Why Not Fantasy?: An Interview With Sofia Samatar

Interview by Cassidy Foust

Recently, at WisCon 40 (a feminist sci-fi and fantasy convention in Madison, Wisconsin), we had the opportunity to sit down with the phenomenal Sofia Samatar. In addition to being a WisCon Guest of Honor, Sofia Samatar is the author of The Winged Histories and the World Fantasy Award-winning A Stranger in Olondria (both from Small Beer Press). Sofia Samatar talks the power of fantasy, rewriting tradition, and putting yourself out there in this interview.

 CBSD: So why sci-fi/fantasy?

SS: I have asked this question a lot. I’ve tried to find various answers to it, and none of them have been satisfactory. In fact, I did a whole dissertation on fantasy in the work of Taib Saleh, who’s a Sudanese novelist, trying to see if I can get closer to that question, “why fantasy?” One way of answering the question might be “why not fantasy?” Fantasy is older than realism, has a much longer history in oral traditions. “Why realism?” might be the actual question we should ask people. But that’s not entirely satisfactory to me. You could also say, well, I’m this person from a mixed background, you know, Somali and Swiss-German Mennonite, that you don’t see a lot of, and that it maybe encourages me to imagine other ways of being. That’s another way of answering, and that also doesn’t satisfy me. So none of the answers are good enough.

CBSD: That’s an answer in and of itself. One goal you’ve talked about, specifically in The Winged Histories is to counteract the conventional war-mongering of fantasy that isn’t really questioned. Do you see sci-fi and fantasy moving in this direction?

SS: I think that there is a strong feminist tradition in fantasy and sci-fi, and there are a lot of women in the genre who have been questioning that war-mongering for a long time. They don’t tend to be as highly popular as the ones that are not trying to think about war in ways that challenge its primacy and challenge  its necessity. The stories that challenge that narrative tend not to get as much attention. They might be there, and I might not know.winged histories

CBSD: How did you start working with Small Beer Press?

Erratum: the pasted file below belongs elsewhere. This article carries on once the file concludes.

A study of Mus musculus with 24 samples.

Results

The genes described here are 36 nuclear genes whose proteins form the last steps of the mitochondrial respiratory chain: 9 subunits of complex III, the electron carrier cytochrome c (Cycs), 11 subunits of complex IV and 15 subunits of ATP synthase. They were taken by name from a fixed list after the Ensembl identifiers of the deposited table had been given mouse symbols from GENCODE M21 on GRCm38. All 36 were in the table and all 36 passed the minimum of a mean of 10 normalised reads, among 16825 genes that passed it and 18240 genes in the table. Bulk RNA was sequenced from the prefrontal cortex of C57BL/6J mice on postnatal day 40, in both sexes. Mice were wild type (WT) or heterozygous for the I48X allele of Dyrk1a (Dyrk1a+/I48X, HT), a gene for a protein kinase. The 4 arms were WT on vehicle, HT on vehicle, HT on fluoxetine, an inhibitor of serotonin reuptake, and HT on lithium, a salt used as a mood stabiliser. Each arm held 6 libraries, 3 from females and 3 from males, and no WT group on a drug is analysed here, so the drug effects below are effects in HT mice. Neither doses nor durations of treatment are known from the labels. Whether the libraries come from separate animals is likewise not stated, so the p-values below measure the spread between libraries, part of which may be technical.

SS: When first I decided I wanted to start getting A Stranger in Olondria published, I started looking for an agent.  And I kept trying for five years, and I couldn’t get one. I just wasn’t really that aware of the independent press world. . . [but] I loved the kind of books that Small Beer did, and I knew that our sensibilities were really similar.  And so, at WisCon, I went to the Small Beer table in the dealers room and I spoke to Gavin Grant and I said, “Hey, I wrote this novel!” And he didn’t look thrilled.  I think that’s probably not the only time he’s heard that! But he said, “Send me three chapters,” so I did, and then it went on from there. They were the first publisher that I talked to, because they were at the top of my list, and it worked out, and it has been great. They’re amazing.

CBSD: Can you give us any sneak-peeks into what you’re working on now?

SS: Sure! I’m working on a very different kind of book now. It is a hybrid text combining fiction, history, and memoir, based on a historical event: the migration of Mennonites from southern Russia to what is now Uzbekistan in the 1880s. So, a little different, but still sort-of fantastical. It’s many of the same preoccupations of A Stranger in Olondria and The Winged Histories – about migration and borders and history and memory, but this time looking at them in a more recognizable world.

The Winged Histories is available now from City Lights Books. Find out where to purchase this, A Stranger in Olondria, and other titles here on the Consortium website.